Text size

The accountant general, Yaron Zelekha, is a man whose people skills are not the most developed. Those who know him describe him as arrogant, stubborn, self-confident, lacking in collegiality, and often unable to differentiate between what is important and what is not. In the same breath, they say that he is fair, dedicated to his job and talented. A senior post of this sort, with its advantages and disadvantages, has become in recent days a target for scathing attacks by the prime minister. These constitute a blatant violation of the rules that govern the way the civil service conducts itself.

Olmert is angry at Zelekha because he gave testimony to the State Comptroller regarding the tender for the sale of the controlling shares in Bank Leumi, a case that is now under investigation by the comptroller's office. But Zelekha was fulfilling his professional and civic duty: It is expected that every honest citizen, certainly someone in a senior post in the civil service, will pass on to the proper authorities any information suggestive of improper conduct on the part of a holder of a political or administrative position. The state comptroller is the address for material of this sort, and it is outrageous that the prime minister is besmirching the person who provided the information.

It could be that Zelekha is one of those people who see corruption everywhere and rush to bombard the authorities responsible for ensuring clean government with his imaginary impressions. It could be that he is just mistaken. It could be that he has improper motives. Whatever his reasons for turning to, in this case, the state comptroller, the prime minister cannot vilify his name, belittle his stature, and undermine his authority. Ehud Olmert is prime minister of all of us, including the accountant general. This status is binding and it does not permit the individual standing at the top of the executive pyramid to publicly crush one of his subordinates.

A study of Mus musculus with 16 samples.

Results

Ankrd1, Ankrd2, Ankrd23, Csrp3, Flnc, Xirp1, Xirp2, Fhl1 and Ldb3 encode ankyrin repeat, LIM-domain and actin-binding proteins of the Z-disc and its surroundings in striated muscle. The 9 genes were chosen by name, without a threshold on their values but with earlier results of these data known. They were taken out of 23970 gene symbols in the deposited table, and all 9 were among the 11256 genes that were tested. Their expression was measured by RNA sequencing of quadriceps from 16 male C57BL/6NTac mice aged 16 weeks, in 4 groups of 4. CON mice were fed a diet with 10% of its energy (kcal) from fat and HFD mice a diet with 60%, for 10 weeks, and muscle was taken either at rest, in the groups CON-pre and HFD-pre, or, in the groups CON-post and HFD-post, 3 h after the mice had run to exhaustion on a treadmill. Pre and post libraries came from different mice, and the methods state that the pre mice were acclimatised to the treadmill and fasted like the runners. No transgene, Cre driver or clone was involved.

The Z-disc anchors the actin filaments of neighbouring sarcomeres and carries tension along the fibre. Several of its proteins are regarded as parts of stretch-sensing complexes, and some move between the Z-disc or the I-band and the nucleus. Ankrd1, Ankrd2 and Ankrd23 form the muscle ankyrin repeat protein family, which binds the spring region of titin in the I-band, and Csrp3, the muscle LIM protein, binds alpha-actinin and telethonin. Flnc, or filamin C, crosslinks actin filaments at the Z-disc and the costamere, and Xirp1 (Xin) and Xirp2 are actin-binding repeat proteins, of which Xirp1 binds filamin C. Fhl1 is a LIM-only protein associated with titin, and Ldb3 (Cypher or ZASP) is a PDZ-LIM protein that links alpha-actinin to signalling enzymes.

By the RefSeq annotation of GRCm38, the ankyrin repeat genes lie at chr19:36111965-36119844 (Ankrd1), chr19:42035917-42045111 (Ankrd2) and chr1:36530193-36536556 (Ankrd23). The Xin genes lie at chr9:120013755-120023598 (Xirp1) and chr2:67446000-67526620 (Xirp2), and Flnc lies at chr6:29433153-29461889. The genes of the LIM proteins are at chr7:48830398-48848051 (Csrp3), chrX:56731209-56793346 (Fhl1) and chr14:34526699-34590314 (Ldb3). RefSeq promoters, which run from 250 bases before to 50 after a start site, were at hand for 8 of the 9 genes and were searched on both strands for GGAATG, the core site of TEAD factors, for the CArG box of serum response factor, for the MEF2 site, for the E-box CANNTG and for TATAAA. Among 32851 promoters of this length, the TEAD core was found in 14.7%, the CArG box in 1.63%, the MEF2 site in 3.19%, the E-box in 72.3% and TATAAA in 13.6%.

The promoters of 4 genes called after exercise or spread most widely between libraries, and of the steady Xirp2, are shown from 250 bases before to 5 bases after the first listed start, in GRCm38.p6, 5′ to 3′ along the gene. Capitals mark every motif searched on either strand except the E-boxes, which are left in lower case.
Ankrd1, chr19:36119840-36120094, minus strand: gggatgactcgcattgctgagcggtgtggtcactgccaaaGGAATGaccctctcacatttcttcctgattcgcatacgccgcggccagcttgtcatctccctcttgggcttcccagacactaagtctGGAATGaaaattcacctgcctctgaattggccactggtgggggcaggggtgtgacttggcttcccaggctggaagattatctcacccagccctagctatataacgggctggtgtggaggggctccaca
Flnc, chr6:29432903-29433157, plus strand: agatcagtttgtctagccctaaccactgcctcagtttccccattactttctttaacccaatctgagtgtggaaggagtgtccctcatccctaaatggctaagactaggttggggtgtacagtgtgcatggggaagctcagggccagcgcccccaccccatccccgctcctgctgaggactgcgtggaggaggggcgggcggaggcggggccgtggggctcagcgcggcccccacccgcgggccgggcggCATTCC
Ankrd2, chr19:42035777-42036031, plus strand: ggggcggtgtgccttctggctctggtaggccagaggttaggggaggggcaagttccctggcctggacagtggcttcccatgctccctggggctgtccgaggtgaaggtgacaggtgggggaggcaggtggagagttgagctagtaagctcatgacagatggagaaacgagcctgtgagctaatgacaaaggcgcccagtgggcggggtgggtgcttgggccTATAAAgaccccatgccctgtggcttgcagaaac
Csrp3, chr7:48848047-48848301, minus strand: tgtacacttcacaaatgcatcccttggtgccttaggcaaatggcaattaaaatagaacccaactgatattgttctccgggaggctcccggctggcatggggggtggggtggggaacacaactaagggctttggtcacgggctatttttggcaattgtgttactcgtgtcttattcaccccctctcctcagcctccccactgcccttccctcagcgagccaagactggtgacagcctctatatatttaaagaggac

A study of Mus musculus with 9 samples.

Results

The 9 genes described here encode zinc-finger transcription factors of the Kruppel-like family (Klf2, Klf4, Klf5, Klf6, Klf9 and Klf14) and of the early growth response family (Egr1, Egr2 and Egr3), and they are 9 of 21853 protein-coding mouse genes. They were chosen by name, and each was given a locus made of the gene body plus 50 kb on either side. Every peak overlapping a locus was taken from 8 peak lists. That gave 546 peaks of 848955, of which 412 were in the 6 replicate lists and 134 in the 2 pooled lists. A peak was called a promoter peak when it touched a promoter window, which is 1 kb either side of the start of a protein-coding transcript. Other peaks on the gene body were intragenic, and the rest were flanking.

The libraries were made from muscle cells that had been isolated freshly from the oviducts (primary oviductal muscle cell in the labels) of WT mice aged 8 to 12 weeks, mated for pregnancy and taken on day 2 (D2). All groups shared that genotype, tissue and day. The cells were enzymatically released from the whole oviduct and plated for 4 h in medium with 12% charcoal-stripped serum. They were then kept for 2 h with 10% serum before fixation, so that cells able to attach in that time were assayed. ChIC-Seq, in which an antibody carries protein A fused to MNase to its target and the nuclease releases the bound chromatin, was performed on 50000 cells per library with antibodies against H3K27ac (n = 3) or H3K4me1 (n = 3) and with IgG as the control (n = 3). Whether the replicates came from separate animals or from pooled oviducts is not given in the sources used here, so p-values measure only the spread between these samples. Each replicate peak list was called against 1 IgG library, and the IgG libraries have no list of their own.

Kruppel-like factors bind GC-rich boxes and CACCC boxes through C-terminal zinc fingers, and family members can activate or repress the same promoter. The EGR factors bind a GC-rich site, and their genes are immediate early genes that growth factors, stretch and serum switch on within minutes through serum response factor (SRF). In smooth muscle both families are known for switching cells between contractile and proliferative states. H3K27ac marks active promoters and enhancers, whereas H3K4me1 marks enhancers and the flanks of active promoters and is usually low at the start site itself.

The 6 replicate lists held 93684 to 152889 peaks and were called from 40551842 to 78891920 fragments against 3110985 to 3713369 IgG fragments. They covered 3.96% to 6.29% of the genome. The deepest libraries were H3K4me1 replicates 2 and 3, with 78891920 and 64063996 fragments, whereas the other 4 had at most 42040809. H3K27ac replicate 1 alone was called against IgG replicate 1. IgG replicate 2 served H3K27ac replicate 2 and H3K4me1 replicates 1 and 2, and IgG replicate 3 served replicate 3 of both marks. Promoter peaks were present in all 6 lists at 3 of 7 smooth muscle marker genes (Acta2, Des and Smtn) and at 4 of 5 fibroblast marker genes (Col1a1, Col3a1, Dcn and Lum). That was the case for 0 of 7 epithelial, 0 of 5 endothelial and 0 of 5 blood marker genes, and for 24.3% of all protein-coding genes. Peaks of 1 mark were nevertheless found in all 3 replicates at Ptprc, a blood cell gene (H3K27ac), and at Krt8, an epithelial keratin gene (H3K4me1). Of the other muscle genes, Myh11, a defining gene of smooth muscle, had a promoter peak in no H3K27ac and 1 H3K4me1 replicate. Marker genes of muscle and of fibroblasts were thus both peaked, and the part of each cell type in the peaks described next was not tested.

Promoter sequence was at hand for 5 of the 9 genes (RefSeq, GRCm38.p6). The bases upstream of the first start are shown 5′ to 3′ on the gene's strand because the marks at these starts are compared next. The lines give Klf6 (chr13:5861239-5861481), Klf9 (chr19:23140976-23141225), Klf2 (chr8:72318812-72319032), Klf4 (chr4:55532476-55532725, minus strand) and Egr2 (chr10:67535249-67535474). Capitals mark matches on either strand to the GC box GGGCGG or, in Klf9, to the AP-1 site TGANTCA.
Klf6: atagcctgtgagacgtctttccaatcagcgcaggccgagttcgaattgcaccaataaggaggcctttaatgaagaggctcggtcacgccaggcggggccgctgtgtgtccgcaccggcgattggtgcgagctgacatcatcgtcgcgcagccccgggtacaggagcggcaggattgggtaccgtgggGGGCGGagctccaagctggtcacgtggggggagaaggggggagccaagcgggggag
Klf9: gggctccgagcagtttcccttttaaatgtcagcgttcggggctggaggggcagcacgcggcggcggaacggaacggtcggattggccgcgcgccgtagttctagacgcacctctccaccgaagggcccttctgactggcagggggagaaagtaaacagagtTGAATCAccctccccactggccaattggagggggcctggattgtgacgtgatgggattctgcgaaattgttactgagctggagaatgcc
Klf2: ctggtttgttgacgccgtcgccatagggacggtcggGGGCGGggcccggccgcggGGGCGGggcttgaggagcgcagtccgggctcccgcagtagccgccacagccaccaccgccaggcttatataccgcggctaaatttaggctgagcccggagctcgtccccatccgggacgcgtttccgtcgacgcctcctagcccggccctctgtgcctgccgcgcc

Aides in Olmert's office have fed the press in recent days with claims that Zelekha is acting, in the current circumstances, as the long arm of Benjamin Netanyahu. They are suggesting that the accountant general did not approach State Comptroller Micha Lindenstrauss because he thought that the prime minister's behavior was improper, but rather because he is trying to serve the political needs of the Likud leader. Olmert's aides are doing this openly and in this are expressing the views of the prime minister.

Therefore, Olmert appears to be acting (at least for now), not as someone who is responding to the substance of the suspicions raised against him by the state comptroller, but as someone who is trying to dismiss them by presenting the source of the testimony, Zelekha, as a conspirator. The public confrontation that Olmert opted for is unacceptable: It destroys the code that regulates the relationship between the political echelon and the professional civil service.

The two are not of equal standing: They have their roles within a clear hierarchy, wherein Olmert is the boss, and one of his duties is to protect whoever is subject to his authority.

The most fitting way for Olmert to have dealt with the testimony of Zelekha was to avoid entirely a public confrontation with the accountant general and to make do with offering his version to the authorities examining the case. Their job is to weigh his version against that of the accountant general and then publish their findings. When Olmert decided he would not make do with a substantive examination of the affair by the authorized bodies, and that he would also try to influence public opinion, the most efficient way (which has been partially utilized in the past) would have been to make public the views of other civil servants involved in the tender, whose versions allegedly refute Zelekha's claims.

The onslaught on the accountant general is an ugly, unacceptable method, and it also misses the target: The claim that Zelekha is in this case acting on behalf of Netanyahu is about as convincing as the claim of President Moshe Katsav that the complaints filed by women against him are part of a political plot.